My rating: 5 of 5 stars
An Untamed Land by Lauraine Snelling begins in Norway with a prologue dated 1877. Then Far (father Gustaf Bjorklund) and his family begin planning for the immigration of several of his sons from Norway to America. Roald, married to Anna with 21-month Thorliff and pregnant with a new baby will be joined by 19-year-old Carl and Kaaren, whom he plans to marry.
The actual story begins three years later in 1880. But there is no more Anna. Ingeborg is now by Roald’s side and we discover Anna and the babe she was carrying have died. We join the six (Karl, Kaaren, their newborn Gunny, Roald, Ingeborg and five-year-old Thorliff) as they are about to disembark from the ship after an arduous transatlantic voyage.
Ingeborg and Roald are still adjusting to each other. Ingeborg chafes under Roald’s protective, take-charge ways. Roald, missing his childhood sweetheart Anna and traumatized by her death, is trying to understand Ingeborg’s impulsiveness and curb her independent tendencies.
We follow them as they make their cumbersome way from America’s eastern seaboard to the Dokota Territory by covered wagon and live with them in the day-to-day hardships of homesteading. Especially grueling are the long and desperately cold winters with their isolating storms.
I found main characters Ingeborg and Roald interesting and complex. Snelling has a way of showing us their faults and at the same time arousing sympathy for them as we enter their points of view. A major subplot of the story is the evolution of their relationship.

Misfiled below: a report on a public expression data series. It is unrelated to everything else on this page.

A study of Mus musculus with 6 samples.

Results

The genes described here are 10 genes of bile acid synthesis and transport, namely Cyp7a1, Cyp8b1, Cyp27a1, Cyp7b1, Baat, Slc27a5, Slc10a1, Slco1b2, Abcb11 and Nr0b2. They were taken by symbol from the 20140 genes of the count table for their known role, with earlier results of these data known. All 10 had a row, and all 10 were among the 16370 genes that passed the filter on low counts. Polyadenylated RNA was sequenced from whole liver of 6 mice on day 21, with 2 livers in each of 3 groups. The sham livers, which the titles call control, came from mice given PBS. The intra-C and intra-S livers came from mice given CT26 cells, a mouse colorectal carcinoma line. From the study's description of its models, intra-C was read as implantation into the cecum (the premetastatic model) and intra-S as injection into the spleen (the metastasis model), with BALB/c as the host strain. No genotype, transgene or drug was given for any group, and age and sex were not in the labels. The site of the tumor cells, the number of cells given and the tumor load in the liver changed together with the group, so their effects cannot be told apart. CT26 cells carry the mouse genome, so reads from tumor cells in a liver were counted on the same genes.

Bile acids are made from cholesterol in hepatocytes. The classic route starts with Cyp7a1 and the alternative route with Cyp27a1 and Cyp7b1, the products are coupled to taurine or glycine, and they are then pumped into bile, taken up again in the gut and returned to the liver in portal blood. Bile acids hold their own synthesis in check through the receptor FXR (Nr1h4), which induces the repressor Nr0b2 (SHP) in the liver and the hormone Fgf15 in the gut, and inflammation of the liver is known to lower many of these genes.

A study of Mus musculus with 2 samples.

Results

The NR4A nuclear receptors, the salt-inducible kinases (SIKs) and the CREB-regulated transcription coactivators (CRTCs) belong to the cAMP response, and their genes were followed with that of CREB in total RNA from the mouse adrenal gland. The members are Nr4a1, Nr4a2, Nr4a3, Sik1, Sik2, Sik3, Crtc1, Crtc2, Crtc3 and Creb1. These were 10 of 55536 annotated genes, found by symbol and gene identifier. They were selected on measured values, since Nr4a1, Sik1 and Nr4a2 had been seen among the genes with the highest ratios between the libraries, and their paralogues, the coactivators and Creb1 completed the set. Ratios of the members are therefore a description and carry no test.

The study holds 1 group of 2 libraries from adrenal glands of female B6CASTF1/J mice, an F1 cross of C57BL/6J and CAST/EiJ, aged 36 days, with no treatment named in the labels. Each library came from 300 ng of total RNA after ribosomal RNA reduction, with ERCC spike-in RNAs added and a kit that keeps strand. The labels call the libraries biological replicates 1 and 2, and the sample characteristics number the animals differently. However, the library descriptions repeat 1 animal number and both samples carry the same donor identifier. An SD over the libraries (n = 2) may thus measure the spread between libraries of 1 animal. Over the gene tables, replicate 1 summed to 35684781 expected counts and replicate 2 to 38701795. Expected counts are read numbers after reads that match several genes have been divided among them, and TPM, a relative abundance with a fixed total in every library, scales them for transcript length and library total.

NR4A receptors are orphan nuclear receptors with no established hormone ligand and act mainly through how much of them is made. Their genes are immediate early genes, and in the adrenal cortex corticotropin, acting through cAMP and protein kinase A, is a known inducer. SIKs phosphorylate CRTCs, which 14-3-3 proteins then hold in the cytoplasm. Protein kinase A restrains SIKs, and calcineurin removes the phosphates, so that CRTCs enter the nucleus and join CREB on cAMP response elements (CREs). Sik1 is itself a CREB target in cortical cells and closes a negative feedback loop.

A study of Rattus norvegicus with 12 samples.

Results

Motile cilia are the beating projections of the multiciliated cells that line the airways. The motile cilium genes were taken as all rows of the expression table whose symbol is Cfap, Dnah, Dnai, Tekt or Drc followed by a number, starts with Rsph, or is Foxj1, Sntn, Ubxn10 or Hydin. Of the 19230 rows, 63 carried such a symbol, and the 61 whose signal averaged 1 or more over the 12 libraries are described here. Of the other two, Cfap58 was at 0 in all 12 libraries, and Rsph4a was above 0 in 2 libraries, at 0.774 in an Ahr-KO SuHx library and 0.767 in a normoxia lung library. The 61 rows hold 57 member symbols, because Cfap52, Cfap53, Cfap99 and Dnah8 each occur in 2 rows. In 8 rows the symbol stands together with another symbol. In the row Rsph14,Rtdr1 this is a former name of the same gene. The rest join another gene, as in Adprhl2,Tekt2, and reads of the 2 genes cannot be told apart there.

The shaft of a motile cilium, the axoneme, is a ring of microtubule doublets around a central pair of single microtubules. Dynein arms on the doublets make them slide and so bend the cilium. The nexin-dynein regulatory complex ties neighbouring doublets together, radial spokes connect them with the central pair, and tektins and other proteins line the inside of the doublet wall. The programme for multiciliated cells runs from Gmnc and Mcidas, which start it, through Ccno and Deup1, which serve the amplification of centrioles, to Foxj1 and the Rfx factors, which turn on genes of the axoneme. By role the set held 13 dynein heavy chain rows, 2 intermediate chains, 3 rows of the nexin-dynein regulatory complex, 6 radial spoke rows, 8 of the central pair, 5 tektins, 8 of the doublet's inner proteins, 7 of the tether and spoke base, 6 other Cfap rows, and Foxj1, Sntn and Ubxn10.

Snelling also handles the setting masterfully with enough description of the wild Dakota lands for me to see, hear, and feel the elements that are almost like another character. Living with these young moms as they keep house in covered wagons and then little soddies, cook over open fires, rejoice over a couple of cows, a team of oxen, some sheep, scrabble in the dirt to plant vegetables, even some flowers gave me a new admiration for North America’s pioneers.
Things go along relatively well till about two thirds through the book when tragedy strikes. Though the end is satisfying, Snelling leaves enough plot bits unresolved to make us want to find out what happens in the books that follow.
An Untamed Land is a strong beginning to what has proven to be a popular series of six Red River of the North books. If you enjoy pioneering stories that major on studying human nature, and minor on a little sweet romance, you’ll love this book.